Coach Sigi Schmid knows exactly what he wants to do. He wants to help write an epic tale that will be retold for decades.
Coach Sigi Schmid knows exactly what he wants to do. He wants to help write an epic tale that will be retold for decades.

Remember this season? You know the 63 points. The US Open Cup. Winning in Mexico. Winning in Portland. Winning in Salt Lake. Winning in Vancouver. Winning in Costa Rica. Winning in Kansas City. Crushing the Columbus Crew. That's this season. Today Sigi Schmid said that's the type of team he wants the Seattle Sounders to be again.

I think the guys are well aware of what they didn't do well on Saturday night. That's been made really clear to them. We got rid of that on Monday before practice. The rest of Monday and today the focus is on us doing what we do, us playing our game. Sixty-three points is a lot. We've been a good team throughout the season. We need to get back to that. We need to remember what made us a good team and what made us dangerous and what made us successful.

And yet Saturday happened. It was brutal. It was as down as this team, this community has been since mid-May. It evoked images of failures in Playoffs past. Playoff failures throughout Seattle sports history. A reminder of our collective down notes.

Randal Graves: Which did you like better? Jedi or The Empire Strikes Back?

Dante Hicks: Empire.

Randal Graves: Blasphemy!

Dante Hicks: Empire had the better ending. I mean, Luke gets his hand cut off, finds out Vader's his father, Han gets frozen and taken away by Boba Fett. It ends on such a down note. I mean, that's what life is, a series of down endings. All Jedi had was a bunch of Muppets.

That's from Kevin Smith's classic indie film Clerks. Dante has been beaten down. He'd lost all the hope. What he doesn't mention, is that Star Wars IV: A New Hope raised the bar. Everyone who saw that was so high. The expectations were that this new group, this rebuilt group of history was going to take down the mighty, the powerful, the usurpers. The down endings were so significant because of the size of the greatness that had been achieved. Without those successes the down times don't mean as much.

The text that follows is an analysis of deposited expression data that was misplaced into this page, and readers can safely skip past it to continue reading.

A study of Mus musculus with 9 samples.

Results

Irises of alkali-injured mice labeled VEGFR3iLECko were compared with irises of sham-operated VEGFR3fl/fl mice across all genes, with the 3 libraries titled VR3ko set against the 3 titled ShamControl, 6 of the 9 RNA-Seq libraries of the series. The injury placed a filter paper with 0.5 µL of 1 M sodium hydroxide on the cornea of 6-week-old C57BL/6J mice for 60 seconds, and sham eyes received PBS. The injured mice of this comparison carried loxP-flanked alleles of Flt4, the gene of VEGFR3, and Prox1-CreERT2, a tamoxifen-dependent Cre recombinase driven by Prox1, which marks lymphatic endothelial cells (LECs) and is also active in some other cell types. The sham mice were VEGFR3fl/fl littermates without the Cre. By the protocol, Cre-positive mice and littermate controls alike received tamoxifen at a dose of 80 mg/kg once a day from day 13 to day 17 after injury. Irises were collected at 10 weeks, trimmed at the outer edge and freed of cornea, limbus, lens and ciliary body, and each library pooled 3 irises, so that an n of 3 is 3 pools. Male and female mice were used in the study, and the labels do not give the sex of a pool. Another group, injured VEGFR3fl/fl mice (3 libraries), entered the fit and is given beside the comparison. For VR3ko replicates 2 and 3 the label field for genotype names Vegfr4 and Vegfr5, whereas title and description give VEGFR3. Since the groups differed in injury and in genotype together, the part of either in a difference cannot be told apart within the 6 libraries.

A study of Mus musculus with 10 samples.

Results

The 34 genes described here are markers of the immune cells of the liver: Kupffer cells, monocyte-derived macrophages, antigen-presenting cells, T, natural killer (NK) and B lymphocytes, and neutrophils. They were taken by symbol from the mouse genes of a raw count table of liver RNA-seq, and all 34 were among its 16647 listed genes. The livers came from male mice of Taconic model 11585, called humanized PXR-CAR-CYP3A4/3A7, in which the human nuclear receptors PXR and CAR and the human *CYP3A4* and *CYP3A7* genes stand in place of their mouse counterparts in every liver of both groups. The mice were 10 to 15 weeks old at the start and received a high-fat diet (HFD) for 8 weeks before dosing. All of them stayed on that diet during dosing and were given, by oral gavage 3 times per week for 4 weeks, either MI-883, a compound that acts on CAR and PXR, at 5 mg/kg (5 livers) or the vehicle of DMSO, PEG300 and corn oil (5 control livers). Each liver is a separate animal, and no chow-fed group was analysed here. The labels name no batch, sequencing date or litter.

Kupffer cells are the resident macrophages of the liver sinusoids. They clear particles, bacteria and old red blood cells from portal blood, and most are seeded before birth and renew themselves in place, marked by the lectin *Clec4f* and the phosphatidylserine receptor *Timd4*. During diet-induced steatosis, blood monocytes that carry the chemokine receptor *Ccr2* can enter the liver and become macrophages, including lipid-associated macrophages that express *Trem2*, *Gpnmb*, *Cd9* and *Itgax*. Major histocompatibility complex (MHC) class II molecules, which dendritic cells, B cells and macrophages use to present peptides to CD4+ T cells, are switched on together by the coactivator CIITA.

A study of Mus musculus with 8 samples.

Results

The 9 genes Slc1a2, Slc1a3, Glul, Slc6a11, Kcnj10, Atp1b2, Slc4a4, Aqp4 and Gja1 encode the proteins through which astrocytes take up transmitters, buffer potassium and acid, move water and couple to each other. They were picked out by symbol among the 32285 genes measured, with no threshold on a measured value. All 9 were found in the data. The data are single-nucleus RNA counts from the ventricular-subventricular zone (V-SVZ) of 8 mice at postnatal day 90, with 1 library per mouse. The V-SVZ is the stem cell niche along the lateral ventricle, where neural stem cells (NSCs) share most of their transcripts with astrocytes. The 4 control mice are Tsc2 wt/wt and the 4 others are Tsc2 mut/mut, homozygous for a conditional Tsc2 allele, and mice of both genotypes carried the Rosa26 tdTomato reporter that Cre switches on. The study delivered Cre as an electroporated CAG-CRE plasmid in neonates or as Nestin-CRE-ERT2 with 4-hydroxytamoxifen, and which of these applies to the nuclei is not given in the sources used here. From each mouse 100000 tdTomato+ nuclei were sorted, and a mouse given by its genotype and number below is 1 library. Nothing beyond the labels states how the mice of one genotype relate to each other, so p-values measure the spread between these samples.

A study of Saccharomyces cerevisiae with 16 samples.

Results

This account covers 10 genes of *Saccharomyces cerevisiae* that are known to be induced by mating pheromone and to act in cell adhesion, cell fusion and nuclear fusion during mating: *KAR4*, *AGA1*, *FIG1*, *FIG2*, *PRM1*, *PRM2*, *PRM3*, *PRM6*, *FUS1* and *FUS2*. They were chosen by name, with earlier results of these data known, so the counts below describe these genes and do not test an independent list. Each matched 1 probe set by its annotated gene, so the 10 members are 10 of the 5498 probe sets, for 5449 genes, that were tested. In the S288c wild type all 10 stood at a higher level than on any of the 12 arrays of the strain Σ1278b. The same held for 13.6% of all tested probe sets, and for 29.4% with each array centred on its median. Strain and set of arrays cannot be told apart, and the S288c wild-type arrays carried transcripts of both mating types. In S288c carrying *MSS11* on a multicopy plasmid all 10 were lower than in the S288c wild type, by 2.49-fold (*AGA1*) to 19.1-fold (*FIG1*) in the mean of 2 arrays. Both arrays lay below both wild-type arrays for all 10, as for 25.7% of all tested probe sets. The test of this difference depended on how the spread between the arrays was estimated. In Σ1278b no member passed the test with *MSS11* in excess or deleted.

Schmid noted Monday the goals for the second leg are quite simple.

... we’ve done it two years in a row and we’re behind right now in year three 3-0. Everything sets up an opportunity so we have an opportunity here on Wednesday to come up with a great result. Hopefully, if we have a result that we want to have, it will be a game that people will remember for a long, long time. So that’s our objective—to create a game that you’re not going to forget for a long time.

Today, he referenced it again. This time building up on the potential for something epic. Because that's the goal for the Sounders now. They are targeting the epic. Being great will not be good enough.

We are going to come up with a good result tomorrow. Sometimes to do outstanding things or to do miracles you have to set the stage. We certainly have set the stage so now it’s up to us to come through and show our tenacity as a team and show our determination as a team.

That's what Empire did. That's what Saturday did. Three booming deep down notes. Things are fairly bleak in Sounder-land these days. Recently one of our greats is out, as Mauro Rosales can not play. A team that worked so well together faded, failed and ran away from the desired result.

There's a reason to hold faith in the team. Because in a world with real down notes our team can be a symbol for much more than just sport. In a world of late rallies in the 9th, of two goals after the 90th minute to rally for victory it is the emotional highs that a sport can give us.

Coach Schmid's plan for tomorrow is simple;

You've got to score one, and then the next one and the next one... it's a matter that we know we're not going to get three goals in five minutes either. It's a work in process. It's going to be 90 minutes of work and we've got to get our goals from different places. We've got to get them from run of play. We've got to be dangerous on our corners. We've got to be dangerous on our set pieces. We've got to keep the pressure on them and not give anything up. On the same token we've got to carry the game to it, fueled on by our efforts and fueled by our crowd.

That's the thing that Dante ignores about Jedi. It didn't just have "a bunch of Muppets." It capped an epic saga, an American Legend, and ended the way great stories should. Sometimes that happens in real life. That's why Return of the Jedi was better than Empire. Victory on Wednesday in leg two will do the same thing. It will confirm that sports in Seattle isn't just a series of down notes, but instead a city capable of great legends.